Eliminating physical inserts

A print service bureau wants to reduce the number of physical inserts that they have to add to envelopes by printing full color electronic inserts in blank areas on credit card statements.

The print service bureau prints statements and one-to-one advertising brochures for a variety of customers. The customers send their resources and print job data to the service bureau. The pre-press staff uses a document composition tool to create AFP jobs. The AFP print jobs are submitted to RICOH ProcessDirector, which sends them to ten duplex InfoPrint 4100 systems. After the jobs are printed, they go to post-processing to be folded, inserted, and mailed.

The service bureau asks all their customers to submit required resources with every print job; they do not store resources indefinitely. Many of their customers (such as credit card companies) include inserts in the envelope with their statements. Some problems with this arrangement are:

  • Inserters often ruin mailpieces, so they frequently have to reprint individual statements. Reprinting adds time and cost to the process.
  • Customers tend to ignore the inserts, separating them from the statement immediately after opening the envelope and discarding them.

The service bureau would like expand its offerings to include full-color variable-data printed using an AFP color solution. They also think that they can save time, money, and paper by reducing the complexity of the tasks that their inserters do. If the inserter only has to fold each statement and put it in an envelope (instead of adding two more sheets of paper, folding, and inserting), it has fewer opportunities for ruining mailpieces.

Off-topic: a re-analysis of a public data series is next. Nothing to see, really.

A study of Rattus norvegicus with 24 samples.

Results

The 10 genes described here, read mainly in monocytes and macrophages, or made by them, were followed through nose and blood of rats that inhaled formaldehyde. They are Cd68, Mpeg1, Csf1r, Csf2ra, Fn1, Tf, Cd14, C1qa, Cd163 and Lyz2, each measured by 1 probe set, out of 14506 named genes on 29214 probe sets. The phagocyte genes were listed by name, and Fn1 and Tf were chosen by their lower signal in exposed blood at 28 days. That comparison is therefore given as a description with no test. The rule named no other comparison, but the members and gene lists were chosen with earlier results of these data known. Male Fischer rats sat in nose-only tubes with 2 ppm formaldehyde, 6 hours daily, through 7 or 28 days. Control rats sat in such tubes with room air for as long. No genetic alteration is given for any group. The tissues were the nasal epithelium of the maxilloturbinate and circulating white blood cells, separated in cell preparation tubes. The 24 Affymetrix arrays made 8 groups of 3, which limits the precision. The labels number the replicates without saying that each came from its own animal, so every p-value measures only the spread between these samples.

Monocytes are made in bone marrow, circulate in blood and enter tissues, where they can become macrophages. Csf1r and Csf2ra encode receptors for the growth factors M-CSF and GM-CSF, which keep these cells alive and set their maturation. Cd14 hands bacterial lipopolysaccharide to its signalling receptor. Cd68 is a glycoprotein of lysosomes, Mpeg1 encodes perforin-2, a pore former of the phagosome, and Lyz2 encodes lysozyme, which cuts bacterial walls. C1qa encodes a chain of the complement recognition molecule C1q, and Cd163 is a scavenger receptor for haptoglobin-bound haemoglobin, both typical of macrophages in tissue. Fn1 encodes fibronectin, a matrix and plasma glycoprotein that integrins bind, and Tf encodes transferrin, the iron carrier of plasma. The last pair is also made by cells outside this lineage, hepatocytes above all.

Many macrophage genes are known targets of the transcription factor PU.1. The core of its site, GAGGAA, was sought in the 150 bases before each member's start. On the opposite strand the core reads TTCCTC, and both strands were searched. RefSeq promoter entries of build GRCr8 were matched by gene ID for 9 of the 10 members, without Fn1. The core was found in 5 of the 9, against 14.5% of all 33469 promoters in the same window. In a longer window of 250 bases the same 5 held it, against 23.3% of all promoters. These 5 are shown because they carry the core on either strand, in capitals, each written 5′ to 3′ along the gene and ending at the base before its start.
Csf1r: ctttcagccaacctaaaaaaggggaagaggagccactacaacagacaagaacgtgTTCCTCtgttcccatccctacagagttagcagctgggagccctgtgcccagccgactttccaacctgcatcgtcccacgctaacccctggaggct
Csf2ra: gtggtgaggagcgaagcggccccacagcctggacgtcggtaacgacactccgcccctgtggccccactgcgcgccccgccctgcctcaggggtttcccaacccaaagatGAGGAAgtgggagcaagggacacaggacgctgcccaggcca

The solution

The service bureau works with the Ricoh team to create a solution based on its existing process and environment that will help their customers move away from using physical inserts for advertising and toward electronic inserts. They hope to eliminate one of their inserters by printing full color ads directly in blank areas or on sides of customer statements.

If a credit card company can identify data and rules that determine the characteristics of each customer, the electronic inserts can be targeted for each statement. For example, the bill could show an ad for a minivan, a sports car, or a motorcycle depending on the demographics of the customer.


To take advantage of this new color capability, the service bureau makes a few changes to their workflow:

  • They add a duplex InfoPrint 5000 system and configure RICOH ProcessDirector to submit print jobs to it.
  • They give guidelines to their customers so that it includes guidelines for using color images and logos in addition to fonts and graphics.
  • They train the pre-press department is trained to use a graphics application for color profile management and image normalization.
  • They add a step to their process to make sure that their customers have followed the guidelines. If they have not, the pre-press staff adjusts the resolution and input color profiles to conform to the guidelines before they submit the print job.